Los Angeles Finalizes 2021-2022 Budget, First Step in Pandemic Recovery
After the City Council approved Los Angeles' budget for the 2021-2022 fiscal year, Mayor Eric Garcetti Wednesday officially signed the budget into law, setting the City on a course towards recovery after a period of fiscal uncertainty due to COVID-19.
When Eric Garcetti introduced the budget earlier this year, he dubbed it as a 'justice' budget, aimed at addressing some of the City's pressing social issues.
The $11.2 billion budget includes some of the largest spending levels in the City's history, including $1 billion towards ending the City's growing homelessness crisis.
After months of revenue shortfall due to the pandemic and increased spending, the budget represents the start of potential certainty and recovery for Angelenos. According to City financial analysts, the City expects over $6.6 billion in revenue over the next year.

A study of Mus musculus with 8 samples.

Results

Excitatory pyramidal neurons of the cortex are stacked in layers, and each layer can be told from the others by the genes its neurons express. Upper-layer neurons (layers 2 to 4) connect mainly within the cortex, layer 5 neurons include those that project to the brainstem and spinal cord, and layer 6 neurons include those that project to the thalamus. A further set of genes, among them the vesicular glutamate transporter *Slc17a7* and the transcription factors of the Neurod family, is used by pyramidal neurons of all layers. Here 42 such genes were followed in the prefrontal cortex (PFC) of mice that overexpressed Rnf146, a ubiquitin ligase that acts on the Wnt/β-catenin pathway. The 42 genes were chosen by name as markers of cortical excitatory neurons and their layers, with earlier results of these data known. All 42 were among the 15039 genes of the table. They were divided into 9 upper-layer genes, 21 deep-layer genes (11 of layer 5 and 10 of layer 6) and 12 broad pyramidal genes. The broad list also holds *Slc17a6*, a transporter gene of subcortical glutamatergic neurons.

Furthermore, as part of the federal government's American Rescue Plan, Los Angeles is poised to receive over $1.3 billion in financial support, which will help support services that were shuttered due to lack of existing funds. Certainly, the federal aid will immensely reduce the debt accumulated since last March.
Though hiring freezes and furloughs initially threatened city services early in the pandemic, this federal stimulus will provide much support in restoring staffing levels.
This includes over 140 positions within Department of Parks and Recreation, which will expand childcare centers and maintain homeless and emergency management positions. The American Rescue Plan will also aid sustain staff in LA Sanitation and the Bureau of Street Services.
Other noteworthy changes to the budget include:
- $1.7 billion allocated to the Los Angeles Police Department - a 3% increase from last summer
- $2.5 million to further expand the LA Optimized program for small businesses
- $62 million to support food and beverage establishments
- $1.9 million towards creating a permanent Al Fresco Program
- An unarmed 911 pilot response unit for non-violent situations
In particular, sustaining adequate levels of funding for the LAPD will be crucial in maintaining robust public safety mechanisms as the economy re-opens and as employees return to their workplace. With crime rates steadily increasing over the past year, we applaud the City in taking the steps to both re-imagine policing while keeping the City safe.